Jul 22, 2020 / 09:06

Vietnam urged to be cautious about Chinese investment

The Hanoitimes - Growing Chinese investment to Vietnam could turn the Southeast Asian country into a transshipment point for China to reroute its exports to a third country.

With complicated trade relations between China and other countries, Vietnam should remain cautious about growing Chinese investment in the country, according to the Vietnam Institute for Economic and Policy Research (VEPR).

 Vietnam should remain cautious about growing Chinese investment capital to the country.

This could turn Vietnam into a transshipment point for China for later to reroute its exports to a third country, not to mention the issues of environmental pollution, infringement of labor rights and low technologies often associated with Chinese foreign direct investment (FDI) projects, stated VEPR’s quarterly economic report issued on July 21.

Among 45 countries and territories having fresh projects in Vietnam in the first six months of 2020, Singapore remained the largest investor with US$4.3 billion, or 51.3% of the total newly registered capital; followed by China with US$950.1 million, or 11.3%, and Taiwan with US$775.2 million, or 9.2%.

On the other hand, while Vietnam’s imports of the majority of goods and products during the first six months declined compared to the same period last year, those of computers, phones and parts increased sharply.

“Such a trend, combined with a surge in exports of computers, phone and parts to China, raises the question of whether Vietnam is being used for goods temporarily imported for re-export to China,” said Nguyen Duc Thanh, the VEPR’s former director, at a workshop on July 21.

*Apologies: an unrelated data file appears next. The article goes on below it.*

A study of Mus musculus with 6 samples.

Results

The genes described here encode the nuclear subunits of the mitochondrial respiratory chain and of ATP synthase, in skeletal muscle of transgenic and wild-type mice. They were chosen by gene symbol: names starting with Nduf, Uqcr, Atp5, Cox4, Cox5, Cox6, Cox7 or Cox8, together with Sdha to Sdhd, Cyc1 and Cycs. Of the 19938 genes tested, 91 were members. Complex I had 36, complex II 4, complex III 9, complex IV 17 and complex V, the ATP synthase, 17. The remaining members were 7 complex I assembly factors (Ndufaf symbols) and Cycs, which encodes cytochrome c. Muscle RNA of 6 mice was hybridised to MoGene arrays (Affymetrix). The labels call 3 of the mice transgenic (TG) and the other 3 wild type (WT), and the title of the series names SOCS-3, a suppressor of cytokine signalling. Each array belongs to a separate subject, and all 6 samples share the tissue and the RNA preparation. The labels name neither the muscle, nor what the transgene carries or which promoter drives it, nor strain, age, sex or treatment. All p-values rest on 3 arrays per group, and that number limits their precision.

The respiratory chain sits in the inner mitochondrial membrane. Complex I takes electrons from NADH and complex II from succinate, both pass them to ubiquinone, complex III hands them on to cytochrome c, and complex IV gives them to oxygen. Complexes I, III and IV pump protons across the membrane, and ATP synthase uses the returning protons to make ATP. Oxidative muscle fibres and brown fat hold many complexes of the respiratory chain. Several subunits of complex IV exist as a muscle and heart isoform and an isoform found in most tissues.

As a result, Vietnam is facing the risk of sanctions from its trade partners, especially the US, as the latter is tightening the export policy of high technological products to China.

During the six-month period, China remained Vietnam’s largest import market with US$34.92 billion, down 2.2% year-on-year.

Foreign investors more committed to Vietnam

Meanwhile, the VEPR suggested the FDI inflows to Vietnam has not been as severely impacted as other nations, as the country has been successful in containing the Covid-19 pandemic.

In the second quarter, newly FDI to Vietnam declined 18% year-on-year to US$2.94 billion, but the capital injected to existing projects jumped 64% year-on-year and 139% quarter-on-quarter to US$2.62 billion. During this period, actual FDI stood at US$4.75 billion, up 22% quarter-on-quarter, which is higher than the growth rate of 20.8% recorded in the same period last year.

Overall, the FDI for new projects in the first six months of this year stood at US$8.43 billion, up 14% year-on-year and additional capital for ongoing projects grew 28.4%.

VEPR noted foreign capital is flowing into existing projects, instead of new ones, and this is an uncommon trend for FDI in Vietnam.

This could be explained by the fact that foreign investors are more committed to projects under development in Vietnam.

“The decline of fresh FDI to Vietnam in the second quarter was mainly due to Covid-19 impacts, but with strong commitments of foreign investors to Vietnam, it would return to the growing trend once the pandemic is contained globally,” stated the VEPR report.

According to the VEPR, this is the right time for Vietnam to review its incentive tax policies for foreign-invested companies to ensure a fair and healthy business environment.